Some of us want to be the very best, like no one ever was. They want to be like Happy Valley's Jacob Van Wagner.

While the entire world freaks out playing Pokémon Go on their phones, the 24-year-old security officer is preparing to defend his title as world champion of the old-school, trading-card version of Pokémon—the monster-fighting game that once made national headlines for starting fights among schoolchildren over holographic, first-edition Charizard cards.

Van Wagner started his journey seven years ago, at the now-closed Loki's Games in Woodstock. He won his first tournament in 2010, after less than a year playing.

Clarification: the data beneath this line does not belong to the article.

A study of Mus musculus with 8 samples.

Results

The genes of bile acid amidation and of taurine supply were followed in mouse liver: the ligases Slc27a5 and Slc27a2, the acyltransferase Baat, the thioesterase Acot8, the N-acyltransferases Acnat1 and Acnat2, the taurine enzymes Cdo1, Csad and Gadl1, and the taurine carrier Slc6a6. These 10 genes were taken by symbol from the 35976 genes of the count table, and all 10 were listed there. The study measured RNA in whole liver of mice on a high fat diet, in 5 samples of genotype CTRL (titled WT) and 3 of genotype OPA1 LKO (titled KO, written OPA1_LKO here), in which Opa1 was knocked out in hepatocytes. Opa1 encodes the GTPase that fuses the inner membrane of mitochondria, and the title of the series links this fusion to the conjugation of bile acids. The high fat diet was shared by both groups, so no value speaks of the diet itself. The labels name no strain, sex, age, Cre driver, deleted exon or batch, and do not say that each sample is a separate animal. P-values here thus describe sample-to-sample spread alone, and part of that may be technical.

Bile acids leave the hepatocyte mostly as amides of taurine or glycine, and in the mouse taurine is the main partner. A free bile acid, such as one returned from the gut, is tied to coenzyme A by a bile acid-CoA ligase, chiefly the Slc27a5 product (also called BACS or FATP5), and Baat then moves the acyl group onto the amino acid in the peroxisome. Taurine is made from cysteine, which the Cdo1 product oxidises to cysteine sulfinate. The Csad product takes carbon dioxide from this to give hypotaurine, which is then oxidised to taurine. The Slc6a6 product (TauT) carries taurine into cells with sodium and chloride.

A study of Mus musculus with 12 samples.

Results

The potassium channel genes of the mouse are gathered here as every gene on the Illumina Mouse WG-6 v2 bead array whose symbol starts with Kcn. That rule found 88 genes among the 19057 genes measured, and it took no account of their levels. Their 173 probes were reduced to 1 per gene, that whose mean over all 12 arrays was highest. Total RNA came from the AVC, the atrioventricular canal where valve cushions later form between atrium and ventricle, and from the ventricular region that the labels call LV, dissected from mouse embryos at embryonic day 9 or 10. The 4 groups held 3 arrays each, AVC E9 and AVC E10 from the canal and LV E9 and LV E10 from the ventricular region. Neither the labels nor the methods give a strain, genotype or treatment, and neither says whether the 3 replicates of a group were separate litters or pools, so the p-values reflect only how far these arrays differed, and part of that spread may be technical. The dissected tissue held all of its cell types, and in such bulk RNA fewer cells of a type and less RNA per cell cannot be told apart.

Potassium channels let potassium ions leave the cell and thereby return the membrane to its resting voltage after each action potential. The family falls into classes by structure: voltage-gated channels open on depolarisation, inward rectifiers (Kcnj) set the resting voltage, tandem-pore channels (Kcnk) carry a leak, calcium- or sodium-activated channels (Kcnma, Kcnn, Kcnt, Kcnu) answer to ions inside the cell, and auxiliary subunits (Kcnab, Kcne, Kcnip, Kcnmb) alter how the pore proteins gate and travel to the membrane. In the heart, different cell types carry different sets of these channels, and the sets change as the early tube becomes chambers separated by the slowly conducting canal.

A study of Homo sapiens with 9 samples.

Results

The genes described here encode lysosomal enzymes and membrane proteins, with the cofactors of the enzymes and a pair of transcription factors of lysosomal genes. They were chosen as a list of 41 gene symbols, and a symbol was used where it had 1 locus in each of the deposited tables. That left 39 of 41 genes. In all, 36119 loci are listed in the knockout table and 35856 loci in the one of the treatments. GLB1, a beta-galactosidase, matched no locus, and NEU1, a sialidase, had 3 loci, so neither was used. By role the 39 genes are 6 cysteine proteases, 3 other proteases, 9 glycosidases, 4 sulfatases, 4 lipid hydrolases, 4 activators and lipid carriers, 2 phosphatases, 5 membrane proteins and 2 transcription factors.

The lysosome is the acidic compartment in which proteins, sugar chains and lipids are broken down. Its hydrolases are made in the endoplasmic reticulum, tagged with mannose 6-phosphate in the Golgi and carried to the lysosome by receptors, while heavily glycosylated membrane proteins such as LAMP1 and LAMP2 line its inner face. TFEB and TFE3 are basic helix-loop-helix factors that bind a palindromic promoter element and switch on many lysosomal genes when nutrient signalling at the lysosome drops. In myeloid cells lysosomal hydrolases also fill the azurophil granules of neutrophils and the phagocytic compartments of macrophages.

In August 2015, he bested 600 other competitors in Boston to become the greatest in the world—with a purse of $25,000. He did it with a risky and aggressive strategy. He would use the "Rain Dance" ability of a blue turtle called Blastoise to power up a mohawked unicorn called Keldeo-EX to deal massive damage early—or fail utterly if the right cards didn't fall.

"And the crowd goes wild!" the announcers shouted as "underdog" Van Wagner made his championship foe concede the first round after a single turn. "It's easy to see who's the fan favorite."

He'll be back to defend his title Aug. 19 in San Francisco. "I just love the feeling of knowing that all the effort you put into putting a cool deck together paid off, either just in that you got that one combo to work a few times in a tournament, or you actually managed to take the deck all the way to a win," says Wagner. "That and getting to use it as an outlet to see all the friends I've made throughout the world over the years."